By Pam Martens: June 21, 2013
In the past two trading sessions, Wednesday and Thursday of this week, the Dow Jones Industrial Average has shaved 550 points out of investors’ pockets. Mainstream media is in lock-step agreement that the decline is owing to fears of slowing growth in China and the potential for the Federal Reserve to “taper,” or retrench from buying $85 billion a month in mortgage-backed securities and U.S. Treasuries.
To borrow a phrase from H.L. Mencken, “When you hear somebody say ‘this is not about money,’ it’s about money.”
There’s an old expression on Wall Street: bull markets eventually crumble under their own weight. That’s because, at some point, the value of the market is too big to drive higher. It has only one direction in which it can move and that’s down. It’s about money.
According to the World Bank, the total value (or market capitalization) of all domestically listed stocks in the U.S. has moved from $11.7 trillion at the end of 2008 to $18.6 trillion at the end of 2012. That means it takes roughly $1.8 trillion to move the market 10 percent higher. That’s a lot of money, even when leveraged with enormous amounts of margin debt.
As the U.S. stock market has moved higher, it did so on the back of rising margin debt. According to the Federal Reserve, margin debt on the books of broker dealers has increased from $276.5 billion at the end of 2010 to $379.5 billion at the end of March 2013. (The New York Stock Exchange released a report early this month showing that margin debt had reached an all-time record as of April 30, 2013, to a whopping $384 billion.)
Morgan Stanley released a study this past January, showing that hedge funds’ portfolio holdings stood at 153 percent of the cash provided to them by investors.
That data had to give Fed Chairman Ben Bernanke pause, as likely has the stock market setting new highs in the face of extremely tepid economic growth.
An instant means of dampening stock market speculation and forcing a market correction is for the Fed to hint at a pull back in its bond buying program, known as Quantitative Easing 3 (QE-3). The market’s comfort level that this program is now baked into the system has engineered the term QE-Infinity. Any pull back by the Fed in bond buying would force all interest rates higher – including the interest rate that hedge funds and other investors pay on their margin debt. It’s the potential for margin buying to become too expensive to be economically attractive and the fear that one’s hedge fund competitors will get through the exit door faster that set off the panic selling on Wednesday and Thursday.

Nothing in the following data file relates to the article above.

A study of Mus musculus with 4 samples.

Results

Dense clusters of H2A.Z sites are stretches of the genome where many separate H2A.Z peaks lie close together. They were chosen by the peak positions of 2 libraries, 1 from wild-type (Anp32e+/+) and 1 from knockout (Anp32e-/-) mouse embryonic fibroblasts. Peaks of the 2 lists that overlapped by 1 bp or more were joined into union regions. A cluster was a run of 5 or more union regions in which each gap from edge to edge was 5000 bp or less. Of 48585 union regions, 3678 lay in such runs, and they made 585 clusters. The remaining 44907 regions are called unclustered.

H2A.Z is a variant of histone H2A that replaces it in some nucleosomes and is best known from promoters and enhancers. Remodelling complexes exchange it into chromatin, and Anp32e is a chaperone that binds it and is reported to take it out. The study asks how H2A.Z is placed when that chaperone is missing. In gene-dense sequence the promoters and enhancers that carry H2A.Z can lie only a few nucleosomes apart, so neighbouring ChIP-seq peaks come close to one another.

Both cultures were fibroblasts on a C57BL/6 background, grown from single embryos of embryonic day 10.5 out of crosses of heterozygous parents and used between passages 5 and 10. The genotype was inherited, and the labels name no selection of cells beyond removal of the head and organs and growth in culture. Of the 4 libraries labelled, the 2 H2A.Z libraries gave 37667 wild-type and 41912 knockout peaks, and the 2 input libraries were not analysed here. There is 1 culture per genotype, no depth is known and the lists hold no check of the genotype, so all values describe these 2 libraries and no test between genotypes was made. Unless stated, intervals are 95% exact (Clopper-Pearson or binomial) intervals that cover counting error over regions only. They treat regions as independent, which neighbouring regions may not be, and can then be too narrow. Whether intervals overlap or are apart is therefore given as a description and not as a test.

China and QE-Infinity were the sparks – margin debt was the giant tank of gasoline.
Typically, in the midst of panic selling, there will be a flight to quality into U.S. Treasuries as the money has to go somewhere. When every investment is simultaneously selling off, that’s a clear cut case for the wholesale dumping of margined securities by hedge funds. The money didn’t find its way into Treasuries because it wasn’t real money to begin with – it was margin debt.
Would Fed Chairman Ben Bernanke actually create a stampede out of the stock market and induce a severe economic contraction by sharply curtailing the Fed’s bond buying program? Right now, the Fed is in a quandary. Does it risk a sharp economic downturn by letting rates rise, or does it continue easing and risk another giant speculative bubble in stocks and junk bonds that could cause even bigger economic damage when the bubble bursts from a higher plateau in the future.
One thing is clear, the Fed would not be trash talking QE-Infinity unless it was worried about bubbles — not in the face of the manufacturing report that came out early this month and the dismal job market.
According to the Institute for Supply Management (ISM), its manufacturing index contracted in May to a reading of 49, the lowest level since it registered a reading of 45.8 percent in June 2009. The weakness was broadly based with the new order index registering 48.8 percent and the Backlog of Orders Index registering 48 percent. A reading below 50 is a sign of contraction.
On May 22, 2013 Bernanke testified as follows to the Joint Economic Committee of Congress:
“Recognizing the drawbacks of persistently low rates, the FOMC actively seeks economic conditions consistent with sustainably higher interest rates. Unfortunately, withdrawing policy accommodation at this juncture would be highly unlikely to produce such conditions. A premature tightening of monetary policy could lead interest rates to rise temporarily but would also carry a substantial risk of slowing or ending the economic recovery and causing inflation to fall further. Such outcomes tend to be associated with extended periods of lower, not higher, interest rates, as well as poor returns on other assets. Moreover, renewed economic weakness would pose its own risks to financial stability.”
Hedge funds don’t actually fear the end of QE-Infinity. They fear that the Fed has decided it’s going to talk down bubbles.